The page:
It is August, a time when, although technically on vacation, many educators in the United States have already turned their attention to their classrooms. Some teachers are buying supplies; others are rewriting lessons and curricula. Most are doing both. A lot of us are thinking about our students and how we can create learning environments that will allow all of them to thrive.
In schools, across the globe, the children of immigrants come ready and eager to learn. In the United States, for example, 25 percent of children under the age of 18, a total of 18.7 million children, have an immigrant parent. We recognize, from our own experiences working with youth, that the success of children of immigrants is essential to our shared future.
Unfortunately, the messages our young people are getting from the wider world often run counter to the conditions we try to create in our classrooms. In this year’s summer heat, across much of the world, the rhetoric about immigration is scorching. On broadcast and social media, accusations fly. As an educator, it has become evident that as a public we don’t know very much about migration, and we sure don’t give it the kind of attention it deserves in the education of young people. If we take the role of schools seriously as training grounds for civic engagement, it is time to rethink how we approach these issues in schools.
The story of migration is the story of humankind. The genetic and paleontological record of human migration is at least 60,000 years old. Researchers know that all humans can trace their origins to Southern Africa, while some homo sapiens migrated across Africa and stayed, others ventured out to the Asia, Australia, Europe, and eventually to the Americas. This is our shared experience.
The stories of these ancient journey’s testify to our ingenuity as a species, and as we scrutinize them, they challenge us to think about our identities as individuals, groups, and nations. We are a people that have been on the move for a long time.
The 21st century has new patterns of migration—from rural villages to cities, from region to region—that are worldwide. Teaching about migration as an ongoing theme in the human condition provides a lens to explore our past and ask new questions. In different periods in the history teach, or in the literature we read, what were the push and pull factors that influenced the people to migrate? Those choices often involved facing great risk and uncertainty. To what extent were the choices to migrate made voluntarily? To what extent were those choices forced upon people due to conflict, war, or economic exploitation? By recognizing the continuity and the changes across time in experiences of migration, we also create the conditions from a more civil conversation about current stories. To return to an earlier metaphor, it turns down the heat.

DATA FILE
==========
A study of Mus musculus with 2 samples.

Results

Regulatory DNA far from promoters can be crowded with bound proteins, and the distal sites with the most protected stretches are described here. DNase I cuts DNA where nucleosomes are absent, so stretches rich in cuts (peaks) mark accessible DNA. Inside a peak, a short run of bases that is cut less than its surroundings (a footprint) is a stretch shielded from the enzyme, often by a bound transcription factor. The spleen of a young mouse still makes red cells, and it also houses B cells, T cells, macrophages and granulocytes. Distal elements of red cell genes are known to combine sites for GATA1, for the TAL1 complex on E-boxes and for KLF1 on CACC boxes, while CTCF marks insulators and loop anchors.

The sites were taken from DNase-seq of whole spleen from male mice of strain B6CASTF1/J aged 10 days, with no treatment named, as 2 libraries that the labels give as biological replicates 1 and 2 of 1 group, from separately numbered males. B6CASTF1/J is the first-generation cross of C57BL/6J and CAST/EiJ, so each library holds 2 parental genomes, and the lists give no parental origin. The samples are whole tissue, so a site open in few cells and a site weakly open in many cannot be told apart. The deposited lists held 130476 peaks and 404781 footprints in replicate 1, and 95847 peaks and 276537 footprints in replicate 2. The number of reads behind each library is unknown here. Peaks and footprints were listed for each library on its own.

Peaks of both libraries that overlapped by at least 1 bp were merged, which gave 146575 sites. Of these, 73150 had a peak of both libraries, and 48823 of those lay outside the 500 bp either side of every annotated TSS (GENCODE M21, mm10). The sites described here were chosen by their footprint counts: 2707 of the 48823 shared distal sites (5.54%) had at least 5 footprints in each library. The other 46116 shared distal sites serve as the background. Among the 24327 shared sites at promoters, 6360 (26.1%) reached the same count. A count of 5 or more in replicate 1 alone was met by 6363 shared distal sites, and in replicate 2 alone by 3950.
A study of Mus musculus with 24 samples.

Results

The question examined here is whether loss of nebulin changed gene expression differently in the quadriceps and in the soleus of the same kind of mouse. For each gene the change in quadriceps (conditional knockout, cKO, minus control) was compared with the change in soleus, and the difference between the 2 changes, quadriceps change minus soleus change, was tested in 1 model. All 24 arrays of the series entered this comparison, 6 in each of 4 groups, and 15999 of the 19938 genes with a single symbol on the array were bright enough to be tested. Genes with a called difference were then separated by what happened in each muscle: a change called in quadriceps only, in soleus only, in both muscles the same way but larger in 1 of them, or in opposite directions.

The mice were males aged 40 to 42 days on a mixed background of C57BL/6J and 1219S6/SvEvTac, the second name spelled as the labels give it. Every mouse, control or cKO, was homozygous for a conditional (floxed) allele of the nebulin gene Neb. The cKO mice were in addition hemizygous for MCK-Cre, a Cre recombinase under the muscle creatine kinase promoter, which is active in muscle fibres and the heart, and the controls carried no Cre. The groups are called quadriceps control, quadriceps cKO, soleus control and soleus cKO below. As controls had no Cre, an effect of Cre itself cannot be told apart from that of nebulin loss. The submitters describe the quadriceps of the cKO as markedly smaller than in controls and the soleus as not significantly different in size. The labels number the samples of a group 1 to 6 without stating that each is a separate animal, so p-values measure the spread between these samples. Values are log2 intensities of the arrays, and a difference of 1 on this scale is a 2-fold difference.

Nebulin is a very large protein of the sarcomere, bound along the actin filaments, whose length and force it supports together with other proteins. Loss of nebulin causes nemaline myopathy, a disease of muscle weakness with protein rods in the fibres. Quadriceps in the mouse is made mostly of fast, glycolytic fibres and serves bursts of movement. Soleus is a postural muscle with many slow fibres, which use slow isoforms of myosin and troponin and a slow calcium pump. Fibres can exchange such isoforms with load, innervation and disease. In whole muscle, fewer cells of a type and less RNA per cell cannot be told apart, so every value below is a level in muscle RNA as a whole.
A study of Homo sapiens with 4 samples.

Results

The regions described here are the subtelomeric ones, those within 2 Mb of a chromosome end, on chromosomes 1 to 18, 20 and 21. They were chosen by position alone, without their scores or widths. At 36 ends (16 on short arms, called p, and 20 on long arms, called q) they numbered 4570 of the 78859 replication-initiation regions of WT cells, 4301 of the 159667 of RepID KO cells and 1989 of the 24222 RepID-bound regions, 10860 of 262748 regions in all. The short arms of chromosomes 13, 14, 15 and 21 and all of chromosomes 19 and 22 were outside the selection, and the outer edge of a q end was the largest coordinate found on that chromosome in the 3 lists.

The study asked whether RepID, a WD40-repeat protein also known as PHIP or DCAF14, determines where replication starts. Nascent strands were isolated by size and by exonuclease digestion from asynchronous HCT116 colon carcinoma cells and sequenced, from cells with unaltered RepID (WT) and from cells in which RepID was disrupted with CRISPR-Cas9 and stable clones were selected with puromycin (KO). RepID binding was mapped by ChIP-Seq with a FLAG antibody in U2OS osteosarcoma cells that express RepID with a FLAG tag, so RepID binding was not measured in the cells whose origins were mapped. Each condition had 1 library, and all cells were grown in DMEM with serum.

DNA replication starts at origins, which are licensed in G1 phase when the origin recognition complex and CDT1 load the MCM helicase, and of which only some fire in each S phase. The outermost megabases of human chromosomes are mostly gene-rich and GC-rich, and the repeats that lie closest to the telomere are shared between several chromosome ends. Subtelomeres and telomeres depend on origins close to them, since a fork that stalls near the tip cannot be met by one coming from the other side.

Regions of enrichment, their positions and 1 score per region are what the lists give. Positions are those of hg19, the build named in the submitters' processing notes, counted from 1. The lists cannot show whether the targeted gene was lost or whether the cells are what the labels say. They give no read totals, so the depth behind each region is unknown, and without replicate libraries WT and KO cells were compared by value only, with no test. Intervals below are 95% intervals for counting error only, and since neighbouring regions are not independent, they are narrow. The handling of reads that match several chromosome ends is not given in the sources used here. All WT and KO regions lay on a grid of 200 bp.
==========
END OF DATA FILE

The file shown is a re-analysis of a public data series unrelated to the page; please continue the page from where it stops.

Histories of migration and integration are reminders of the amazing abilities of humans to adapt to new circumstances. At the same time, these stories expose the faultlines communities develop over who can belong and who cannot belong? Do we ask newcomers to assimilate, and give up their old customs, in order to fit in? Often histories of migration, reveal records of integration, a two-way exchange between newcomers and the dominant society. These are the frequently unexamined stories behind our customs, foods, and language. The history of migration, in fact, is the history of how we became to be who we are today.
Migration to the United States in the 19th and 20th centuries changed the country to redefine what it meant to be an American. As newcomers came, what role would religion and race play in the national identity of the nation? These questions remain with us and are negotiated within every generation. In recent weeks, we’ve seen what happens when civil dialogue about difference breaks down. Democracy itself is at risk. History and literature can provide insights into today’s challenges, but teachers need resources, professional development, and support for their peers, communities, and administrators. When our schools ignore these important civic stories, we risk further polarization, and an opportunity for all of us to better understand what it means to be human.
Below are a few suggested guiding questions for teaching about migration. As good teachers know, even if we have been at this a while, we are constantly revisiting and revising our work.
Guiding Questions and Throughlines
- Why do humans migrate? When do people migrate by choice and when is it determined by circumstances? In addition, we might want students to consider: What are some current events that are forcing individuals to migrate?
- What factors influence how communities respond to migration? What are the different ways communities can respond to newcomers? When are individuals and communities welcoming to newcomers? When are individuals and communities hostile to newcomers?
- How does migration impact migrants and their host communities? How does migration impact the way members of host communities see themselves and others? How does the experience of migration impact the identities of newcomers and their descendants?
- How can individuals and communities accommodate multiple belongings? How can communities balance a respect for difference without creating parallel lives for those that live there? What needs to happen to enable newcomers and host communities to thrive and develop a common sense of identity and purpose?
Explore a teacher-created unit about migration and belonging. This six-week unit for a 7th and 8th grade integrated Language Arts and Humanities classroom, uses a selection of Facing History resources related to immigration and identity, and a performance task based on the Literacy Design Collaborative Task #2 for Argumentation/Analysis.